On a typical weekday, Elizabeth Head spends almost seven hours watching a dozen beagles play with colored blocks.
A neuroscientist and professor at the University of Kentucky College of Medicine, Head is performing a study to see if she and her team can stave off the beagles’ cognitive decline. At the university’s Sanders-Brown Center on Aging, four researchers spend each week observing 45 beagles between the ages of four and eight as the dogs take 30-minute turns playing games inside a big wooden box, staring down two large, Lego-like blocks colored yellow and blue. On some days, the dogs’ job is to nudge the yellow block out of the way to reveal a treat. Then researchers reverse the task, hoping the beagles will nudge the blue block to get their tasty prize.
Beagles usually live until about age 13. Depending on how these beagles perform on learning and memory tasks over the next several years, Head will learn whether the drug they’re receiving can preserve their cognitive abilities. The drug in question, called tacrolimus is an immunosuppressant that’s approved by the Food and Drug Administration (FDA) to prevent tissue rejection in organ transplant patients. Human studies have shown that transplant patients who take tacrolimus for decades tend to be protected from the brain plaques and protein accumulation characteristic of Alzheimer’s. Since the brains of dogs with dementia look similar to those of humans, Head hopes the dog study may provide clues as to human longevity, too.
“There’s a lot of angst about the idea of playing around with the aging process.”
“Strangely enough, it turns out dogs can model events in the human brain naturally and spontaneously,” Head says. “I think that means that what we learn from dogs will translate to people.”
In other words, if the tacrolimus in Head’s beagle experiment works, she’ll not only have gathered data on some of the predictors of cognitive decline — she will also have a lead on a drug that could be studied for the treatment of Alzheimer’s in people.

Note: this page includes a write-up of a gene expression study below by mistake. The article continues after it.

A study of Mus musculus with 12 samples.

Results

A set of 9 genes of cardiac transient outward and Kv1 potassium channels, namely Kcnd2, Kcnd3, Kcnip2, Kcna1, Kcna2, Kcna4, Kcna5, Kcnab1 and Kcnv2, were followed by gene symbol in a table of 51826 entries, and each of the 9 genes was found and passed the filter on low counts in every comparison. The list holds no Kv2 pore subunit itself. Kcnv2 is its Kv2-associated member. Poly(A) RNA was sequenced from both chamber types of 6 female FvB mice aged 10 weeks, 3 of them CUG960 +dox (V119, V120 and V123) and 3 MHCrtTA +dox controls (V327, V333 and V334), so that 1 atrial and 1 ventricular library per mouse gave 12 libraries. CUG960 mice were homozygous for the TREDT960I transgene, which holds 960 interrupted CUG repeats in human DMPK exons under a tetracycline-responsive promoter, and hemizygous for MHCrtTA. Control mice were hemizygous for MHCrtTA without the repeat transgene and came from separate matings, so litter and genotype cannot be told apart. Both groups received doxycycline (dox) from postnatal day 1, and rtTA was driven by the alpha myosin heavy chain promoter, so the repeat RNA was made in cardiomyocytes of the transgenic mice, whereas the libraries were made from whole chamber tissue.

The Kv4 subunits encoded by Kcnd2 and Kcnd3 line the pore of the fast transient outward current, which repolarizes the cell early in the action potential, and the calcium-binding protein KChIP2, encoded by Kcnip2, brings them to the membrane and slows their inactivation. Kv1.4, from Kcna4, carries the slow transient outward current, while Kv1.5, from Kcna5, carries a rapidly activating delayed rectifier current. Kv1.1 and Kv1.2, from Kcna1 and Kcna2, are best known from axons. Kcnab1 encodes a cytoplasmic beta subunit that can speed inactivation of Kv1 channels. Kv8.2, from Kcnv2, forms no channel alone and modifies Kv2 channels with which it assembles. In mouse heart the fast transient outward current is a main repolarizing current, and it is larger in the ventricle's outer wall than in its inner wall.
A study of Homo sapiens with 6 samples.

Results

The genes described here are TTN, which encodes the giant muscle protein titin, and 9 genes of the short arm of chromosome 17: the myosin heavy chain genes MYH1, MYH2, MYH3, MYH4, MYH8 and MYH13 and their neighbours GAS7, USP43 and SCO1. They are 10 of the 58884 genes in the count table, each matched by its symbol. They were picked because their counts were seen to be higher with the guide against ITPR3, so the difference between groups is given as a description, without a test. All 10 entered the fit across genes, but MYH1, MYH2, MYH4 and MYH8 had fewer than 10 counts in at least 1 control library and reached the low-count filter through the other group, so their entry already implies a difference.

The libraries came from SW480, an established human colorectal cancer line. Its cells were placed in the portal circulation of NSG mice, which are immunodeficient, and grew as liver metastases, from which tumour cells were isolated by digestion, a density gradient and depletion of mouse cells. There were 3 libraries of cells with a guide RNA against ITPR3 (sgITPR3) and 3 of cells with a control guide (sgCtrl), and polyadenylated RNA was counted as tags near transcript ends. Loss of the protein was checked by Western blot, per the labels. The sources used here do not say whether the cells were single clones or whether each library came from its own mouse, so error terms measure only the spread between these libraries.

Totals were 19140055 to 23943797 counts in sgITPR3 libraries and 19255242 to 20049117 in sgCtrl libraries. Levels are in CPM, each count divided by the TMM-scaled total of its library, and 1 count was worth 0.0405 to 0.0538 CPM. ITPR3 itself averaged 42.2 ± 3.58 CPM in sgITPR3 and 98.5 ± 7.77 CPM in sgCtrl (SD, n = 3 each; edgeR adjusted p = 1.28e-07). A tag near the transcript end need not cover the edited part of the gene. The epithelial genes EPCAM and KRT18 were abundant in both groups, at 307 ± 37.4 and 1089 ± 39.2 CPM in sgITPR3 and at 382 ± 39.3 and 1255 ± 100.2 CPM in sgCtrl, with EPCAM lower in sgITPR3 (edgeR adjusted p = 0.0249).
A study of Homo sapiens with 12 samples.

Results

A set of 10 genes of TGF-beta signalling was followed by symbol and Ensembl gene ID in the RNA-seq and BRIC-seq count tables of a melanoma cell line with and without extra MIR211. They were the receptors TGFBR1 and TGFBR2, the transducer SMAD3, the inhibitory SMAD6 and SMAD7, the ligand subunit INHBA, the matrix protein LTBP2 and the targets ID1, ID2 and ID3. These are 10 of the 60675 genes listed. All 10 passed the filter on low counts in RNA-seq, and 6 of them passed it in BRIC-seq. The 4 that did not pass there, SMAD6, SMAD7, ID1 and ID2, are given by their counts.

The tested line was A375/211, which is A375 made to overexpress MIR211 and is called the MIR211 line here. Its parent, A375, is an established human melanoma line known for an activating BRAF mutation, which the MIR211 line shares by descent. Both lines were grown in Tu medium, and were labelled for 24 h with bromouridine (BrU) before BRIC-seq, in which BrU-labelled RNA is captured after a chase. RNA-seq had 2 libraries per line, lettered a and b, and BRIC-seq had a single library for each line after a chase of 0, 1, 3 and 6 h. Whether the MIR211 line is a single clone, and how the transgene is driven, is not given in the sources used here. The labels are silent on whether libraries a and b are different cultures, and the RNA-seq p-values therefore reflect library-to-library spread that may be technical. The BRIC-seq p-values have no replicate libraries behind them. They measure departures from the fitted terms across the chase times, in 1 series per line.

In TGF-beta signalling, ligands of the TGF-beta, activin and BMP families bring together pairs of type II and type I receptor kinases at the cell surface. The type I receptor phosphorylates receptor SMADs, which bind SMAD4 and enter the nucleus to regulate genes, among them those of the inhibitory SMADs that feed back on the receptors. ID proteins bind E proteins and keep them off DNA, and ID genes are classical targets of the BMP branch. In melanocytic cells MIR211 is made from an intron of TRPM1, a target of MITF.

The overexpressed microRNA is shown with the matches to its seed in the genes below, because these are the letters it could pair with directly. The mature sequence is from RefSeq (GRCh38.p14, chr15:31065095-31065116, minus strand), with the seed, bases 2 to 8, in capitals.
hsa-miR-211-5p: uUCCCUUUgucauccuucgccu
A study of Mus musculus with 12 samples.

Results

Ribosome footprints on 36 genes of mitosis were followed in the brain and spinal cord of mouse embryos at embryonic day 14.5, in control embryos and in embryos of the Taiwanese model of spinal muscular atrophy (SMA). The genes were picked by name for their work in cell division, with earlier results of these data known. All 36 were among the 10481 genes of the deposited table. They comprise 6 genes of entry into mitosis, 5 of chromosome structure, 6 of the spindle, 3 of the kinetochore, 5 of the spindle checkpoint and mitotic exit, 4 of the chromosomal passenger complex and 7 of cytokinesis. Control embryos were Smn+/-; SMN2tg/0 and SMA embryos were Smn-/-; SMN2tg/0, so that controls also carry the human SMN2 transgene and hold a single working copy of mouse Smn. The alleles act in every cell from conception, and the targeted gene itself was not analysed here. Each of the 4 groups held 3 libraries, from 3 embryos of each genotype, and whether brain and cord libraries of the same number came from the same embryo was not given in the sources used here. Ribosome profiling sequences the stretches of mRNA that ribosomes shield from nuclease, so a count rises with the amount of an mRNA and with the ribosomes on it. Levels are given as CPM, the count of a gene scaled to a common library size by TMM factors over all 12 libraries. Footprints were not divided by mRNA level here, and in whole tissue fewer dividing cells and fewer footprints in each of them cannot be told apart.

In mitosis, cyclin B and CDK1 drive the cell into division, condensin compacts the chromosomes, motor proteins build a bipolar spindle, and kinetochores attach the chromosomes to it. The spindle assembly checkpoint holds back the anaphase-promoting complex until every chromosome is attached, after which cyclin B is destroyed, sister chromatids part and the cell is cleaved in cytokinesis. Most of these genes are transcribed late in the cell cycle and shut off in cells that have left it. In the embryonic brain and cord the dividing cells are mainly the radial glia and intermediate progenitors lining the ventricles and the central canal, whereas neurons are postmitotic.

Novel as it sounds, Head’s experiment is just one of several ongoing aging studies being performed on dogs. Another immunosuppressant drug, rapamycin, is the focus of a multi-year study called the Dog Aging Project, the data from which is being parsed for clues about how to make our four-legged pals live longer and healthier lives.
Why and how humans age has been a subject of inquiry for millennia, but it wasn’t until 1974 that the National Institutes of Health formed its Institute on Aging. Since then, research has accelerated, thanks to scientific advances — and the deep pockets — that make this kind of research possible. In recent years, many Silicon Valley companies, including companies like Google and Facebook, have paid ample attention to the field of aging research, even going so far as to fund their own ventures to delay, slow, or even outsmart the human aging process.
“There’s a lot of angst about the idea of playing around with the aging process,” says Matt Kaeberlein, PhD, a pathology professor at the University of Washington and co-director of the Dog Aging Project. “Dogs could play an important role both in showing us how to accomplish similar things in people, but also convincing people that slowing aging is actually possible.”